I was scheduled as the last stop on the TLC Book Tour for Clever Girl earlier this month, but hadn’t finished reading it at the time I was due to post. I apologize for missing my deadline, but I have a few thoughts on the book to share now.
Given some of the turns that the life of Tessa Hadley’s titular character, Stella, takes, the “cleverness” of our Clever Girl Isn’t always obvious. What is apparent is her resourcefulness, resolve, and ability to pick herself back up when the world knocks her down. Her edges are a little rough–although less than they seem to be at first–but she has a tough resilience at her core.
Stella is formed by the times she lives through, most notably the cultural changes occurring during her young adulthood in the 1960s and ’70s, and shaped by circumstances; raised by a single mother, perhaps it’s not so surprising that she becomes one herself, twice over.
Stella’s narrative voice is reflective, conversational, and very matter-of-fact, and the structure of Clever Girl is chronological, yet episodic. This is fiction that feels rather like memoir, and that seems appropriate to this recounting of what’s essentially a pretty ordinary, quiet life story–although I wouldn’t describe Stella’s life as “uneventful,” this novel felt primarily like an extended, highly-developed character study to me. It’s a credit to Hadley’s writing that Stella is a character worth reading about.
Clever Girl is an indelible story of one woman’s life, unfolded in a series of beautifully sculpted episodes that illuminate an era, moving from the 1960s to today, from one of Britain’s leading literary lights—Tessa Hadley—the author of the New York Times Notable Books Married Love and The London Train.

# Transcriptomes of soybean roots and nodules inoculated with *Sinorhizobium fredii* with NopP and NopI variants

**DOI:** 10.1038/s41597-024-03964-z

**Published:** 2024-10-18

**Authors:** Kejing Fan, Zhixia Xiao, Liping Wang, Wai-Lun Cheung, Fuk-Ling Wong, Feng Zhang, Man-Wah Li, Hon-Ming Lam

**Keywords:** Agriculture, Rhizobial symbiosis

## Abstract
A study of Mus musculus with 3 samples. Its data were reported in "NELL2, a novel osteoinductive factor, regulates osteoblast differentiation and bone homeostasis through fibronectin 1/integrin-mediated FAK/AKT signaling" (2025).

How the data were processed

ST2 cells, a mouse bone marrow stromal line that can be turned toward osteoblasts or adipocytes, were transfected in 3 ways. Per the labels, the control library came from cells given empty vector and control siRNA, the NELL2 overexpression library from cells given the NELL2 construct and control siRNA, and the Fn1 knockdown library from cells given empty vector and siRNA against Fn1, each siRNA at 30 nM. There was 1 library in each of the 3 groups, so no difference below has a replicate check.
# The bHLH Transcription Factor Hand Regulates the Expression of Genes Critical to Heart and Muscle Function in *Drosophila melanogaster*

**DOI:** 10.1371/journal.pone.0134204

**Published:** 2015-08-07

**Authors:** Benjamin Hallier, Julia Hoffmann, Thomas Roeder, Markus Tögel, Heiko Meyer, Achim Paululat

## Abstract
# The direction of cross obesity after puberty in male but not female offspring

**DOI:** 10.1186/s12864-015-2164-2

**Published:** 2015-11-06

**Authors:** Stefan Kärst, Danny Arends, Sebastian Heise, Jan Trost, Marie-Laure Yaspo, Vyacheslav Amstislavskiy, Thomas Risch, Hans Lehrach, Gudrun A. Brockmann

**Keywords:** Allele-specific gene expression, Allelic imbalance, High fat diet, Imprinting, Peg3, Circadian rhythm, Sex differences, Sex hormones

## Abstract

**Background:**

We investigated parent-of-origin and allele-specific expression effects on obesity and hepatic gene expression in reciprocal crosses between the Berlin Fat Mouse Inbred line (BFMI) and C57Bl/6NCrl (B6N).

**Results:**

Clever Girl is a powerful exploration of family relationships and class in modern life, witnessed through the experiences of an English woman named Stella. Unfolding in a series of snapshots, Tessa Hadley’s moving novel follows Stella from the shallows of childhood, growing up with a single mother in a Bristol bedsit in the 1960s, into the murky waters of middle age.
Clever Girl is a story vivid in its immediacy and rich in drama—violent deaths, failed affairs, broken dreams, missed chances. Yet it is Hadley’s observations of everyday life, her keen skill at capturing the ways men and women think and feel and relate to one another, that dazzles.
“My mother and I lived alone. My father was supposed to be dead, and I only found out years later that he’d left, walked out when I was eighteen months old. I should have guessed this–should have seen the signs, or the absence of them. Why hadn’t we kept any of his things to treasure? Why whenever he came up in conversation, which was hardly ever, did my mother’s face tighten, not in grief or regret but in disapproval–the same expression she had if she tasted food or drink she didn’t like (she was fussy, we were both fussy, fussy together)?”